Spreading the Word About #MentalHealthAwareness

MAY IS MENTAL HEALTH AWARENESS MONTH. Since 1949, May has been designated as the month to raise awareness and educate the public about: mental illnesses, the realities of living with these conditions; and strategies for attaining mental health and wellness. It also aims to draw attention to suicide, which can be precipitated by some mental illnesses and to reduce the stigma that surrounds mental illnesses.

As the month of May comes to a close, I couldn’t let it end without expressing my sincere gratitude for the opportunities I’ve had so far this year, and this month in particular, to discuss mental health awareness in the workplace. In March, I had the pleasure of presenting at the North Alabama SHRM (NASHRM) Workshop on Creating the Best Place to Work for Your Employee.  In April, I did a video interview for WorkHuman with Dan Tomasulo & Steve Pemberton on Igniting Hope to Combat Mental Health Challenges. This month, in honor of Mental Health Awareness Month, I co-presented a webcast on Developing Empathy During Times of Uncertainty with Jarik Conrad and wrote a whitepaper on Mental Health in the Workplace During Times of Uncertainty, both for Ultimate Software. Last, but certainly not least, I was interviewed for Osasu Arigbe’s blog. Each of these opportunities was a true honor!

I have dedicated my career to helping people in one form or another, but this by far is the most rewarding. THIS is my mission. I see every aspect of my work, of my life really, through a mental health friendly lens which ties directly into diversity, equity, inclusion and belonging. As an HR practitioner, it’s so important to me to help employers understand how critical it is to support employee mental health and show them how to do so. Employees must also understand the importance of maintaining good mental health and that if they are experiencing mental illness or another type of mental health crisis, there are resources available to support them.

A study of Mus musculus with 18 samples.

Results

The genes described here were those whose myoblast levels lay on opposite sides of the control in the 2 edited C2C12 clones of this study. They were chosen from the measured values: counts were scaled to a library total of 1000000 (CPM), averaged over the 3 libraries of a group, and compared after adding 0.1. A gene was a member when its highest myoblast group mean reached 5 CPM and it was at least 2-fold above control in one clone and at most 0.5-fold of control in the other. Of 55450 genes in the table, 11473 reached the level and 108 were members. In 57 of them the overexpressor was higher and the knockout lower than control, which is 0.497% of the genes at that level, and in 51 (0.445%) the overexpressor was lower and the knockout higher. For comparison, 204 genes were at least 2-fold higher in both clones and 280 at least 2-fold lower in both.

I will continue to do this critical work and to be grateful for every opportunity to share my story and to help employers, to borrow a phrase from NASHRM, create the best place to work for their employees.  

NOTE: I would be remiss if I did not mention the particular toll on Black mental health that is occurring during this challenging time. In addition to dealing with a staggering number of deaths from COVID-19 in the Black community, almost daily we are exposed to another racist incident that leads to a Black person being harassed, assaulted and in the worst cases – murdered. THIS IS NOT OK. We often speak on the grace we need to extend to our employees in the face of the coronavirus health crisis – greater flexibility, remote work options, understanding why their child is on the Zoom call, etc. Please let us also remember to extend grace to our colleagues who are dealing with constant assaults on our very humanity.